Has your eye doctor said your choroidal nevus is bigger?
Though it’s uncommon for a choroidal nevus to become a melanoma, all eye melanomas were once a choroidal nevus.
What is a choroidal nevus?
It’s a mole or freckle in the back of the eye that the patient cannot see, and would not know is there unless an ophthalmologist spotted it with a viewing instrument.
It is not a birthmark, because people are not born with these pigmented lesions.
They are rare in childhood, but along the way, begin developing such that at some point, an ophthalmologist may discover it.
It’s estimated that two to 13 percent of the population have these “eye freckles.”
They need to be monitored, just as common skin moles need to be, for signs of melanoma.
What’s scary about a choroidal nevus is that the patient cannot examine it, and this can create anxiety and a feeling of powerlessness, while visible skin areas can be easily inspected on a monthly basis.
An ocular oncologist is the ideal physician for routine surveillance of a choroidal nevus, which can be flat or slightly elevated.
Choroidal Nevus Getting Bigger: Does this Always Mean Melanoma?
“Certain criteria of choroidal nevi could raise the red flag for melanoma, such as irregular margins, elevation and growth of the nevus,” says Yuna Rapoport, MD, a board certified ophthalmologist with Manhattan Eye in NYC.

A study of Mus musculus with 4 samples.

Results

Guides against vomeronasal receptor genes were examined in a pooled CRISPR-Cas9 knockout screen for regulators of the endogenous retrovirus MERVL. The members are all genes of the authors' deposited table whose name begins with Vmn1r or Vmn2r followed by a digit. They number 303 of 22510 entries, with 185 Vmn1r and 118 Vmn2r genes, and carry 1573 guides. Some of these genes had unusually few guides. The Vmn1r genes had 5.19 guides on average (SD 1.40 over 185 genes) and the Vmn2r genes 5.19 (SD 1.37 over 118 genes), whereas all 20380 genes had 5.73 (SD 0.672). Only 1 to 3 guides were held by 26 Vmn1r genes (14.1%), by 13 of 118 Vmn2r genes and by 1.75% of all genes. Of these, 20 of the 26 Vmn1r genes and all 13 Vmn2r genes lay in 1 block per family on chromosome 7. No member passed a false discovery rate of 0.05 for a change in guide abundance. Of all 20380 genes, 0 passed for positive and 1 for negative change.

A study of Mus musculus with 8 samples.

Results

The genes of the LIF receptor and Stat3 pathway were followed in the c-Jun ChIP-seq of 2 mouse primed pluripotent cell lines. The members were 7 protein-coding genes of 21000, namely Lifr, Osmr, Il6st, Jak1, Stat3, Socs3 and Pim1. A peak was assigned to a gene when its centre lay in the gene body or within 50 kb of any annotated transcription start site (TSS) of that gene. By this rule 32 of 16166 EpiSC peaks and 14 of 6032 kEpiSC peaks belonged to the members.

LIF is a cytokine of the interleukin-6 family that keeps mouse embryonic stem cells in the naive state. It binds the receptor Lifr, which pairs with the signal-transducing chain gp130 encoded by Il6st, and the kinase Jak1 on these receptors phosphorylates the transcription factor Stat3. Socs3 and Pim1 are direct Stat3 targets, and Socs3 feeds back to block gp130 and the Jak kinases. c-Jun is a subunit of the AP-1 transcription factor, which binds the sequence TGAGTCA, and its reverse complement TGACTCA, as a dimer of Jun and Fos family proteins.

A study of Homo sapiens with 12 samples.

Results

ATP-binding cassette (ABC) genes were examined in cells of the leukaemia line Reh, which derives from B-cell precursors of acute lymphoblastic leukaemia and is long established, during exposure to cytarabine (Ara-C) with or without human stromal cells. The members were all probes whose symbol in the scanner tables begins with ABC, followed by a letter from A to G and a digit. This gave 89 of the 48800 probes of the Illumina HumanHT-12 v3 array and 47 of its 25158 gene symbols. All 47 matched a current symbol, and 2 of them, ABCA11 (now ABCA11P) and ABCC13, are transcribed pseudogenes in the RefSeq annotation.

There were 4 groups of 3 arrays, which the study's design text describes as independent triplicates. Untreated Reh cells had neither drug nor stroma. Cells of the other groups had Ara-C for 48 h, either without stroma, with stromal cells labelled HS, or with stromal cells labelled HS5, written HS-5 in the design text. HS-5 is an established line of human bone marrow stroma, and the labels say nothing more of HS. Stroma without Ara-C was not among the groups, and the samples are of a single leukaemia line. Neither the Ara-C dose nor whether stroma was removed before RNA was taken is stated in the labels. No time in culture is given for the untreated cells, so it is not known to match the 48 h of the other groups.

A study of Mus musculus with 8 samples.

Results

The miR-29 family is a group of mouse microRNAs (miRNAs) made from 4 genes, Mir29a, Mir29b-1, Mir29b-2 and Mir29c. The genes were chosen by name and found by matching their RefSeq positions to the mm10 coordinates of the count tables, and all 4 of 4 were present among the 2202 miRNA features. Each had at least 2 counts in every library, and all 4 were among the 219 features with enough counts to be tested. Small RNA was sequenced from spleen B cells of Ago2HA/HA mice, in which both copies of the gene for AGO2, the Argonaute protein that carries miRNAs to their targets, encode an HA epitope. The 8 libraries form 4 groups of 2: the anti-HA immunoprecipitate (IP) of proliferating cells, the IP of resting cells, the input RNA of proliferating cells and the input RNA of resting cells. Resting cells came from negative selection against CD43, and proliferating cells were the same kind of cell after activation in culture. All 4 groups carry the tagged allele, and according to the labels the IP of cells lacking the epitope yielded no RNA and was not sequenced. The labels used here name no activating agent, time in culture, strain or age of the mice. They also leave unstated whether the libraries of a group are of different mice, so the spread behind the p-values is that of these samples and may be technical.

If you were to round up 500 people with a choroidal nevus and follow these interior moles for 10 years, one will have transformed into melanoma.
Or to put it another way, about 1,400 cases are diagnosed every year in the U.S.
• Initial benign lesion has a thickness of over two millimeters but a base diameter exceeding seven mm.
• Overlying the “mole” is an orange pigment.
• The lesion is located less than three mm from the optic disc.
A choroidal melanoma will get bigger rapidly. However, a choroidal nevus will get bigger slowly – and over a period of several years, and this does not necessarily suggest a malignant transformation.
This gradual enlarging will be more evident in kids with one of these eye freckles, and the growth tends to taper off at around age 11.
Slow growth, then, is not concerning to an ocular oncologist, particularly if this is observed in pediatric patients who do not have other risk factors.